The Green Sheet Online Edition
December 26, 2011 • Issue 11:12:02
California Lucky's unfortunate breach
Self-checkout POS terminals in 23 Northern California Lucky Supermarkets stores were tampered with to allow thieves to collect card and PIN number data and steal thousands of dollars from Lucky customers. Save Mart Supermarkets, which owns and operates the Lucky supermarket chain, said that as of Dec. 7, 2011, more than 500 customers had reported fraudulent activity in their accounts as a result of the skimming operation.
Breach time line
According to published reports, a criminally altered terminal was discovered in a Lucky store in Mountain View, Calif., on Nov. 3, 2011. It was reportedly Nov. 11, 2011, before the company started looking for evidence of tampering in other stores.
On Nov. 14, 2011, POS terminal manufacturer VeriFone Inc. was notified and asked to examine a Lucky terminal for signs of tampering. Three days later VeriFone confirmed a problem with the terminal. Lucky then sent technicians to all its 233 Northern California stores to look for other tampered terminals.
By Nov. 22, the chain had found one tampered self-serve checkout terminal in each of 20 stores. The next day, Lucky issued a consumer breach notice to each of the 20 stores affected, stating it had found tampered terminals in those stores.
By Dec. 5, the supermarket chain had disclosed to consumers the number of compromised stores had risen to 23. Local news sources said the devices may have been installed in the Lucky stores as early as Oct. 1.
One store included in the Dec. 5 consumer alert was a Lucky store in Petaluma, Calif. Petaluma police said they received at least 140 reports of ATM thefts related to the Lucky breach. Petaluma Police Lt. Tim Lyons told The Green Sheet the POS terminals where the thefts occurred apparently contained unauthorized circuit boards inserted to collect card and PIN information.
Lyons also heard that a Bluetooth device may have been used to transmit the card and PIN information to a criminal collecting the information nearby. He said that as a result, some bank accounts were hit from ATMs many miles away before customers even left the Lucky parking lot.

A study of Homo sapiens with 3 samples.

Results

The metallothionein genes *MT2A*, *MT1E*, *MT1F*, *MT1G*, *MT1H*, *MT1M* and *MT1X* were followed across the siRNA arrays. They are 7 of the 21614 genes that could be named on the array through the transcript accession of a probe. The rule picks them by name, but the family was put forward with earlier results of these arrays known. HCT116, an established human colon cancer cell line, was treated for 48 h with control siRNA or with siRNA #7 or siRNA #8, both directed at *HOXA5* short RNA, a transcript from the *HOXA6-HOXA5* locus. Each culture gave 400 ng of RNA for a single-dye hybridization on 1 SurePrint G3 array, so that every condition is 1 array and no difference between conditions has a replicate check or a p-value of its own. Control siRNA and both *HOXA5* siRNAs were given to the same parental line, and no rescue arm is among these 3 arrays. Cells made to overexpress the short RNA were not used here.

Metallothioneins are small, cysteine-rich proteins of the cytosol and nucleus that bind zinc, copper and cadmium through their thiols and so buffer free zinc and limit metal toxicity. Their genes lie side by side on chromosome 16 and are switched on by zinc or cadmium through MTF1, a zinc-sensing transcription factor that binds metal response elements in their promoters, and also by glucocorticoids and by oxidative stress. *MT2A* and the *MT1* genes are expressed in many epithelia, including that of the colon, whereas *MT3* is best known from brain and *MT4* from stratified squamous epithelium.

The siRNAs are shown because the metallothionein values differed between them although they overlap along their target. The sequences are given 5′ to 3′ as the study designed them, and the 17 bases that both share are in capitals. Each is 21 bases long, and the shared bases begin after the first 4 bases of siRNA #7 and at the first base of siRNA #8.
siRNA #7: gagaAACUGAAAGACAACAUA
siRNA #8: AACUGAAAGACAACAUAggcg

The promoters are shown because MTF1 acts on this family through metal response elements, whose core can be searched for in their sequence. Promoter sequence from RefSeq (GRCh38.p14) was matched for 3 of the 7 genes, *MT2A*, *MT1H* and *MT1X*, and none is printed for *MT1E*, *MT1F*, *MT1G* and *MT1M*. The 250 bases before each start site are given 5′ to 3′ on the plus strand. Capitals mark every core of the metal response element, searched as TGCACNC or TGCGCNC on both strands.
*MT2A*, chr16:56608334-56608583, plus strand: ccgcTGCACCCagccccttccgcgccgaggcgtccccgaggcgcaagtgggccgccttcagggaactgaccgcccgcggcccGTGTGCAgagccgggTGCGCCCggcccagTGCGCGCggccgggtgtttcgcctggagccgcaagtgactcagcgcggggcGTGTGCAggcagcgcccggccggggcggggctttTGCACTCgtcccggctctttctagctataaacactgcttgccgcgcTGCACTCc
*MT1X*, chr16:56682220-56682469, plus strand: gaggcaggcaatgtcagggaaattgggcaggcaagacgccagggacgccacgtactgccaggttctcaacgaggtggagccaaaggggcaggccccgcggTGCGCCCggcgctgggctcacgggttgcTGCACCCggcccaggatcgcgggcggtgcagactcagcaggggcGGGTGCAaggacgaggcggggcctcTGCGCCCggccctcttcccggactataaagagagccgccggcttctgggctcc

Lyons indicated the lowest amount reportedly stolen in the Petaluma breach was $200. The highest amount was $3,000 - six unauthorized withdrawals of $500 in a single day. In some cases, the thieves were able to use the information collected to drain savings in addition to checking accounts, Lyons said.
Expressing concern over delays in notifying the public, one Petaluma customer told The Green Sheet that even though he wasn't robbed, he was upset with Lucky Supermarkets because he used the self-checkout four times between Nov. 17 and Dec. 5, 2011 - something he would not have done had the chain alerted him earlier about problems with the self-serve checkout terminals.
Investigation in progress
The investigation is being conducted by the San Francisco Secret Service Electronic Crimes Task Force. Secret Service Agent Andy Adelmann said the Secret Service has been working with Save Mart since at least the beginning of December but, as of Dec. 12, had not completed its forensic examination of the terminals, so he was unable to confirm how information was stolen or transmitted.
He did confirm there have been cases locally of organized criminals running operations similar to the one discovered by Lucky.
Save Mart Supermarkets Chief Financial Officer Stephen Ackerman told customers, "At this time, we strongly recommend that anyone who used our self-checkout terminals in the affected stores during the months of October and November consider closing their bank account and opening a new one."
VeriFone does not comment publicly on security-related situations under investigation, but VeriFone Media Relations spokesman Pete Bartolik said, "Public reports of breaches have not involved more recent generations of VeriFone products.
"The PCI Council proactively urges all merchants and acquirers to continually monitor installed payment devices and to replace older payment systems that no longer meet their published security standards."
Andrew Brandt, Director of Threat Research for Solera Networks Research Labs, said, "For Lucky to recommend that people close their bank account is outrageously excessive. What people who used a bank debit card (not a credit card) to pay at a Lucky store need to do is call their bank, warn the bank that their ATM card may have been skimmed and ask the bank to issue them a new ATM card with different numbers.
"It also would be good to ask that the maximum daily ATM withdrawal limit be reduced to the lowest possible amount - $100 or less - to reduce the losses." Brandt said "gangs of card skimmers" have been "pulling these kinds of scams" around the United States for at least the past two to three years. In Europe, where chip and PIN technology makes this kind of scam more difficult, the devices are typically altered at the factory to collect and transmit personal information - "a far more difficult-to-detect problem," Brandt said.